June 12-14, 2019
Facilitators: Paul Stronski (Senior Fellow, Russia and Eurasia Program, Carnegie Endowment for International Peace), Andrew Akin (Professor of National Security Studies at the Air Command and Staff College at Maxwell-Gunter Air Force Base, Alabama), and Joe Lenkart (Slavic Reference Service, University of Illinois at Urbana-Champaign)
Over the last eighteen years, successive US and Russian governments have attempted to forge a new path for US – Russia relations through summits, repeated attempts to “reset” buttons, and arms control negotiations. The US- Russian relationship has frequently broken down by both sides’ attempts to challenge each other’s global presence and often-incompatible visions of national interests. Trapped by fears, both real and imagined, phobias and evocative rhetoric, US – Russia relations appear locked in a perpetual state of discord. Concurrently, this contentious relationship has seeped into domestic politics, complicating the work of policy makers and diplomats in both countries.
The failure to reimagine and revitalize US – Russia relations may be exacerbating instability around the world. From the battlefields of the Syrian Civil War to buildup of military assets in the Baltic region, US-Russia relations have reshaped the trajectory of external relations of numerous state actors, including Poland, Ukraine, China, Iran, India, Turkey, and North Korea, among many others.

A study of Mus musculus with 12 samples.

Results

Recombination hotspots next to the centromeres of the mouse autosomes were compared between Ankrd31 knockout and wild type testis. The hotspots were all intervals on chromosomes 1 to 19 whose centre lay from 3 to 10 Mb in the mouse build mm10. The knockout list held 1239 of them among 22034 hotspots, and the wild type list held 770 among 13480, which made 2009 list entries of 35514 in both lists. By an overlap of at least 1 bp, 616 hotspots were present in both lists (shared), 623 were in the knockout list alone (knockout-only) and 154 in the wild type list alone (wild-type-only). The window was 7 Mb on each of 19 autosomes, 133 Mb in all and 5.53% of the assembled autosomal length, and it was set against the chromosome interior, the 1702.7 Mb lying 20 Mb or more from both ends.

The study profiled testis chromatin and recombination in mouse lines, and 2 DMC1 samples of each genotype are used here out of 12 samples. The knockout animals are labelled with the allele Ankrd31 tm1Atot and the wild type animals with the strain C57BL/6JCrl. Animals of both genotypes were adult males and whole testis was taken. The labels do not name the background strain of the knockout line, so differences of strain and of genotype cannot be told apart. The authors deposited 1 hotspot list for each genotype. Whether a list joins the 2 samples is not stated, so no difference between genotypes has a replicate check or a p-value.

In June 2019, the Russian, East European, and Eurasian Center (REEEC) and the Slavic Reference Service (SRS) at the University of Illinois at Urbana-Champaign will be hosting a workshop on US – Russia – Future: A Foreign Policy and Security Studies Workshop.
We strongly encourage senior and junior scholars, policy analysts, and government employees to present their research on multi-dimensional and multifaceted US – Russia relations by addressing how this relationship will evolve in the future and what implications it will have on global affairs.
Workshop participants will have an opportunity to share work in progress, conduct research at the University of Illinois Library, build networks, and pinpoint potential collaborators. This workshop is made possible by funding from the Department of State’s Program for the Study of Eastern Europe and the Independent States of the Former Soviet Union (Title VIII).